Owning a home is a significant expense. In fact, for most Australians, buying a home is the biggest purchase they will ever make.
Most of the money that you pay during the initial years of the loan are applied to interest. While this will eventually change, it can be frustrating to watch most of your repayment get applied to interest.
Offset accounts provide a way to reduce your interest. However, setting up an offset account may not always be the best solution for every homeowner in Australia.
Before setting up an offset account, you should know how these accounts work and who they are intended for.
The Basics of an Offset Account
Offset accounts are becoming more popular in Australia, as they provide a way to reduce interest payments. The offset account is a savings or transaction account that is linked to your home loan.
Many home buyers do not understand how interest is calculated. Instead of calculating the interest each month or quarter, lenders calculate interest daily. The amount of interest charged is based on the remaining principal on the home loan.
With an offset account, lenders subtract the balance of the offset account from the principal before calculating interest. The offset account offsets the value used to calculate interest.
Who Should Consider Using an Offset Account?
Anyone who can regularly deposit funds into the offset account can benefit from this solution. Families with multiple incomes, significant disposable income, or high monthly expenses may benefit most from the offset account.
For best results, you need to maintain a significant balance in your offset account. For example, if you have $150,000 remaining on your home loan for the next ten years and set up an offset account with just $1,000, you will only save about $10 per month on your repayments. Using the same example, if you increase your offset account to $10,000, you could save $100 per month.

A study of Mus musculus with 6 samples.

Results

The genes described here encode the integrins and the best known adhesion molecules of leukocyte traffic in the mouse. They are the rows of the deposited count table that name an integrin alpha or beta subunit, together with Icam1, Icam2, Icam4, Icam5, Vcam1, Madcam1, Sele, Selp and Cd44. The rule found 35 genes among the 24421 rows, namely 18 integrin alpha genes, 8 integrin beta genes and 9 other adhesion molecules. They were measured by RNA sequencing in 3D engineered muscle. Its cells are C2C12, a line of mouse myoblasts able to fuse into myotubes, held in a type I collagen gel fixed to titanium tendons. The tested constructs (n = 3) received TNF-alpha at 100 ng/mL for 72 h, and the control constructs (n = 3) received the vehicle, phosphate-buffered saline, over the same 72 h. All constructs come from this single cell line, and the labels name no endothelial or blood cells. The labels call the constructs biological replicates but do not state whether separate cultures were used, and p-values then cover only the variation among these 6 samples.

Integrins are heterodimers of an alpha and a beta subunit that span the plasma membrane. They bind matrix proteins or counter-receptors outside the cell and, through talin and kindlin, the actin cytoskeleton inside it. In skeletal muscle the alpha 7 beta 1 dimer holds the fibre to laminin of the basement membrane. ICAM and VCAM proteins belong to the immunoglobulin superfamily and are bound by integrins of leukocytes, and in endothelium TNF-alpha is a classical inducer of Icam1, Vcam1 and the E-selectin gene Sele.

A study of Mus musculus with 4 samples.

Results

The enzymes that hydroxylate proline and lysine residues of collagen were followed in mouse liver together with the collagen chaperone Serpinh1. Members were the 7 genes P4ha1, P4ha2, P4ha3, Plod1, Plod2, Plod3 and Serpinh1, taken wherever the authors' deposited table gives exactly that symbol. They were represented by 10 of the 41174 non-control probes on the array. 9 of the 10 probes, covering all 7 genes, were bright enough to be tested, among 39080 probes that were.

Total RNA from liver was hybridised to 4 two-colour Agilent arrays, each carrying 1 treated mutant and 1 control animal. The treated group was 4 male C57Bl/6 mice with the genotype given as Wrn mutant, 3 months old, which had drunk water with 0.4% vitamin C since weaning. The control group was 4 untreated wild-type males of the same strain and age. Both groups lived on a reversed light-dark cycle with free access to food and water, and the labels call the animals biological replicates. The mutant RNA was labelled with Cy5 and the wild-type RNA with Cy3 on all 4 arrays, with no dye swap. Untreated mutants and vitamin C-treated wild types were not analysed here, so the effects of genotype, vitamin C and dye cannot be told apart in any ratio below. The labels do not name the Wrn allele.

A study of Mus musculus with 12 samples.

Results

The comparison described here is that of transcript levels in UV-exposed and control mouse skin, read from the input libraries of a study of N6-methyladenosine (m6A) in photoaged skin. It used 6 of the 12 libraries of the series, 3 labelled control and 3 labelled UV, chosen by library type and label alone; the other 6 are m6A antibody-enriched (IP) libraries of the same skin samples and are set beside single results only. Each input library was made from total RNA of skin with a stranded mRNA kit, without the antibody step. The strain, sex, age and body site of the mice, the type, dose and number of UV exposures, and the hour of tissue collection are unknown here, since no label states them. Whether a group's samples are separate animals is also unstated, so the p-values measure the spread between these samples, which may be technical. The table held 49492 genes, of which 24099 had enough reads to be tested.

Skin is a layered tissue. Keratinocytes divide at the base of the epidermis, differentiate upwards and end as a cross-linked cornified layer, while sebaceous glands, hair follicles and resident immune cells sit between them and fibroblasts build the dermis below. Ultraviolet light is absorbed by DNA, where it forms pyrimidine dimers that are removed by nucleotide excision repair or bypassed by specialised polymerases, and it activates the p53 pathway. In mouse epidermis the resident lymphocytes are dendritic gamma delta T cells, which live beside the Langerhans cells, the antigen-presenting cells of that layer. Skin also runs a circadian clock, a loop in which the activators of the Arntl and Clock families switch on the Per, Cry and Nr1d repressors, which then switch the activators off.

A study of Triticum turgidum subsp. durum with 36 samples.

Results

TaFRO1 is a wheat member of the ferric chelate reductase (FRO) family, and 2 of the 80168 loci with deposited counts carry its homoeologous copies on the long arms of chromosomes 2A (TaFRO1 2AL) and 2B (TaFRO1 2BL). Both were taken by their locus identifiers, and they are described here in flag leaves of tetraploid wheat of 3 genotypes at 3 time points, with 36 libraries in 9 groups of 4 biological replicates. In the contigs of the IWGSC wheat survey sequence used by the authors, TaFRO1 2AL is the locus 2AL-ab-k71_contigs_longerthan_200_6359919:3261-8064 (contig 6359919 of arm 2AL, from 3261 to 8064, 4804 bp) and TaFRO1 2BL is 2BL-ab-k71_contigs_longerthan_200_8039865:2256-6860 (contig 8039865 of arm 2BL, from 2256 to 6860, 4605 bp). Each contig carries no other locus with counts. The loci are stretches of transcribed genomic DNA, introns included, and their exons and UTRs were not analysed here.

Who Should Avoid Setting Up an Offset Account?
Applying for an offset account may be a smart solution for reducing your interest payments. However, there are a few situations where you may want to think twice about setting up this account. There are as host of articles on the RBA website about offset accounts.
If you cannot afford to deposit a significant amount of money in the offset account, the benefits will be minimal. To reduce the interest with an offset account, you need to maintain a positive balance in that account. This may be difficult for those with less income.
Lenders also often charge an annual fee for the offset account. The average fee is about $400 per year, which may limit the advantages of this option for those with limited funds.
Last Thoughts on Setting Up an Offset Account
The bottom line is that an offset account can provide a great way to reduce interest payments. However, these accounts can still be confusing to understand. To learn more about how these accounts work, you should take the time to research the basics of offset accounts.